Sunday, 26 October 2014


Story shared from my FB page


It was already 10 pm when she finally put away the heavy iron, sprinkled water on the smouldering embers and retired for the night.
For the last one month Rehana Bi had been working harder and longer than usual. The festive season was approaching so apart from the regular clothes there were a large number of curtains and bed covers also to be washed and ironed. By the end of the day, tiredness would seep to the core of her bones, after all she was not
 as healthy and energetic as she was in her youth. But she didn't mind the long hours and hard work because of the extra money extra work brought.
It had become very difficult to make ends meet with ever increasing prices. She had lost her husband two years ago when a firecracker shop had burst into flames in the nearby market. He had gone there to buy coal for their two irons and got trapped in the stampede following the fire and subsequent blasts. Some of her neighbors who had put up temporary stalls in the market to earn a quick buck during the festive season had also lost their lives that unfortunate and terrible day. The memories of charred bodies lying all around their dilapidated tenements and heart wrenching cries of the survivors still gave her the jitters, however hard she tried to shrug them away. 

Since the last few months however, the nightmares were gradually being replaced with some joyous dreams. Dreams for her children's bright future.
She would do anything to arrange enough money for the forthcoming festival. Last year she had not been able to buy anything for them but this time she desperately wanted to buy new clothes and some sweets for her three children. Her heart ached when they had to go hungry half the time though they had never complained. This year she was determined to give them at least one good meal and one set of new clothes for the festival, even if she bought them from the cheaper export surplus shop.
That day also she had literally fought with the '10 number wali Sharma madam' when she refused to pay her according to the prevalent rate for curtains' washing and ironing. She had pleaded with the '17 number wali bhabhi' to give her a bigger bakhsheesh on this Diwali. When she went to deliver the clothes of the 'paanchve maale wale bhaiya' who always addressed her politely by her name 'Rehana Bi' instead of calling her 'presswali' as others rudely called her, she had once again reminded him of his promise to give his old bicycle for her eldest son. With a cycle in his hands, they would save the bus fare to their school and he could also run some errands for her, Rehana Bi thought as she wound up her work. She could even request the teacher madam who used to give some old unused stationery and textbooks to her children, to teach the children how to converse in English. They were good at studies and would excel in their jobs if they learnt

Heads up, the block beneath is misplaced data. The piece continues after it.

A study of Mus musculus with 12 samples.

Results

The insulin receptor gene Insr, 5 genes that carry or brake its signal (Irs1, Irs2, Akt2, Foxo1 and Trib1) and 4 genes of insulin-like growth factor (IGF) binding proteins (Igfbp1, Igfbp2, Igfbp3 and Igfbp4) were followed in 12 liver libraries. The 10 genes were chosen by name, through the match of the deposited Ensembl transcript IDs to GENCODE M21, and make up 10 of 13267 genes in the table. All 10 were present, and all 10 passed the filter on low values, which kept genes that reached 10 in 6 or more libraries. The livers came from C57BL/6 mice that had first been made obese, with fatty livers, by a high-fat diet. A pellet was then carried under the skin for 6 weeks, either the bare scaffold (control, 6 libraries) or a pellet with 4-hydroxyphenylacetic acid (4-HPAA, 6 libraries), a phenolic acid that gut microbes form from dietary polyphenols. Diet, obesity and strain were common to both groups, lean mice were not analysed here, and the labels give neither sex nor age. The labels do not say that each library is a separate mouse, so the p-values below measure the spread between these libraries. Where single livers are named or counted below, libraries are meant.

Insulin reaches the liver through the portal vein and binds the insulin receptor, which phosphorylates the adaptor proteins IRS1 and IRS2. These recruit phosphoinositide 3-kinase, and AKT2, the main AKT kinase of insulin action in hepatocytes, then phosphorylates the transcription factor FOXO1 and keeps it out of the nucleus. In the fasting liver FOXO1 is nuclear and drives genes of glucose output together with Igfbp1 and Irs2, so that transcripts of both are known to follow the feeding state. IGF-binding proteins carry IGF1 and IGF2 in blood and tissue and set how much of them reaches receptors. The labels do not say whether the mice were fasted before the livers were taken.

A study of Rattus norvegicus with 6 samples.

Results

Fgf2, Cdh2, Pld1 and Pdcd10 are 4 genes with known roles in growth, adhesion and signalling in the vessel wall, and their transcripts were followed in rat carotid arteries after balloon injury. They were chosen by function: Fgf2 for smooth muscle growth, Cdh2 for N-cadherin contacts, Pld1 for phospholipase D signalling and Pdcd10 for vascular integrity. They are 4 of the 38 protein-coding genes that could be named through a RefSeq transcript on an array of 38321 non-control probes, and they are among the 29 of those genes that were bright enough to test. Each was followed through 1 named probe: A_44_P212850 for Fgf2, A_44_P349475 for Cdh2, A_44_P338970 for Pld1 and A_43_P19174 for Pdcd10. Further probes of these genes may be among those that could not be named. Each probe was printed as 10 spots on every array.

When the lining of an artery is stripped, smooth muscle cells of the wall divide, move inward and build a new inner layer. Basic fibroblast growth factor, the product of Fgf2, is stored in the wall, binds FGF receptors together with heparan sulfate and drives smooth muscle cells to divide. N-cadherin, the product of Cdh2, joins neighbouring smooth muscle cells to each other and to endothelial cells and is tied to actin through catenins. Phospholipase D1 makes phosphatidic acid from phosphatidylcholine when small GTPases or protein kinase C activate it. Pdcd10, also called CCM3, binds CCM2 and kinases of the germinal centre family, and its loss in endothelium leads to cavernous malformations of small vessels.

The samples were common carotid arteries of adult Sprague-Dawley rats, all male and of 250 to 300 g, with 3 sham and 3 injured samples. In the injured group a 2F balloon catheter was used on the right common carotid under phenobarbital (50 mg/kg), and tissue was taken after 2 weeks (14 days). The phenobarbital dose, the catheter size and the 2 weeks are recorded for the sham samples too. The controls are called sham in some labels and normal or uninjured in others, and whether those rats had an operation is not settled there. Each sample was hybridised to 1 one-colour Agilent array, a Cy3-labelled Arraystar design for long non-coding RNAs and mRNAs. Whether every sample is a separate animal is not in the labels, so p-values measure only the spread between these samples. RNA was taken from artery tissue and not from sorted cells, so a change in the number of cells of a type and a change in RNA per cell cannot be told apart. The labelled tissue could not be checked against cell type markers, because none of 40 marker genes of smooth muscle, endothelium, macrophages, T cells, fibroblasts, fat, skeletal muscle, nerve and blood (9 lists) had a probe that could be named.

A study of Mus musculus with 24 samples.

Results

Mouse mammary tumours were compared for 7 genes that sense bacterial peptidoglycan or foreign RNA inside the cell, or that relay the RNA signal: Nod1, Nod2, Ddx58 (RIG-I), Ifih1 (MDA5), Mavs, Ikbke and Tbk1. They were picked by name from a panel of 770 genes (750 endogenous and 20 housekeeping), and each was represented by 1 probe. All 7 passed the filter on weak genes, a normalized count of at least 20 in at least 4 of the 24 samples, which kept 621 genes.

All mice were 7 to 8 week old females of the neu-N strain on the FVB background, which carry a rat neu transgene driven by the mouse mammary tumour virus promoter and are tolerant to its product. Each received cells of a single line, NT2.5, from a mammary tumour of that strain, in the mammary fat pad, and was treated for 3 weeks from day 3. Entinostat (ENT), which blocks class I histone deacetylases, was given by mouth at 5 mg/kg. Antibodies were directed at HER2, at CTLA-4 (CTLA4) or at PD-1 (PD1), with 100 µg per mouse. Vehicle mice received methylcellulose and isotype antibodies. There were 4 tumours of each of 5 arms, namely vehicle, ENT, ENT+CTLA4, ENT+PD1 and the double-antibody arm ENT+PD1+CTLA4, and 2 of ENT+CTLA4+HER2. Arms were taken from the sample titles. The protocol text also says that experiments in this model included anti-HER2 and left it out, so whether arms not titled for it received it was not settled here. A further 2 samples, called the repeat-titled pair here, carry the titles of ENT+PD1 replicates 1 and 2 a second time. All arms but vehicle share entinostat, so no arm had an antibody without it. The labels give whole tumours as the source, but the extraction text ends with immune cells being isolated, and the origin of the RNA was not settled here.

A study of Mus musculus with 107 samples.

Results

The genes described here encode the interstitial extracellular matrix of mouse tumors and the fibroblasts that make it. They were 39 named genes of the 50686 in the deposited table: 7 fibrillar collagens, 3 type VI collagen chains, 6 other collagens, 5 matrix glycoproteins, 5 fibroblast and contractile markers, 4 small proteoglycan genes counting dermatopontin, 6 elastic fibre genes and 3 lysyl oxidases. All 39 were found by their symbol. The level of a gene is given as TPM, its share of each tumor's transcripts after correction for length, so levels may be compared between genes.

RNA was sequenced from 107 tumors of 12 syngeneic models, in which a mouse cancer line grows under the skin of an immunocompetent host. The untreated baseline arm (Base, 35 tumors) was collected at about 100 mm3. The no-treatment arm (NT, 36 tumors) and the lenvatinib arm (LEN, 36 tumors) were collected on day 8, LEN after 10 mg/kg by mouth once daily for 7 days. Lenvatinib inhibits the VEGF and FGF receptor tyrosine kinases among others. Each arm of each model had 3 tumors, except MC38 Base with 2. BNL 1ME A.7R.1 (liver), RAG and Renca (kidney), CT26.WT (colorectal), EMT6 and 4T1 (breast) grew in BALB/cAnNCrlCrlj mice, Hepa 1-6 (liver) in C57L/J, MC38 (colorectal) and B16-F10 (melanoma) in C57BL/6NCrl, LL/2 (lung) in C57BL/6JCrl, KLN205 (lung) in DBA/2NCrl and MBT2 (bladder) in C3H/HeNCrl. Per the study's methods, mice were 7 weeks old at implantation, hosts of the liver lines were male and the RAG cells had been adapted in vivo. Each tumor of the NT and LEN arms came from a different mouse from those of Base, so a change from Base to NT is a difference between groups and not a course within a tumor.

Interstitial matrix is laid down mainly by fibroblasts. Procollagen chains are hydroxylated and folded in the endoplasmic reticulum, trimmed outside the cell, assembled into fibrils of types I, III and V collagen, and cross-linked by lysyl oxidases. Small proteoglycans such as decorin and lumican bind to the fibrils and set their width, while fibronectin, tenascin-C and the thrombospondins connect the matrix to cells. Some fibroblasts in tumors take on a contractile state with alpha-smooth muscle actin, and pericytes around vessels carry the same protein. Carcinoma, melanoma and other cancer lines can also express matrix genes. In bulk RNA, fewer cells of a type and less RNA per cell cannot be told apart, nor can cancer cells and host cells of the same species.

Angrezi gitar-pitar, she liked to believe.
Squaring her sagging shoulders, she pressed her swollen feat as she lay down on her 'bed', still hot from the ironing it received everyday. With drooping eyes, the ageing widow saw the same dream again..... to provide the best for the three children Asheesh, Archna and Anil whom she had taken under her care after their parents and her neighbors Ramprasad and Rajni perished in the same fire which had claimed Rehana Bi's husband too. 
This Dhanteras, she prayed, would fill not only the hearts of children with the wealth of her love, but their shrinking stomachs with enough food too.

Wishing everyone A Very Happy And Prosperous Dhanteras.
May your lives be filled with the wealth of smiles.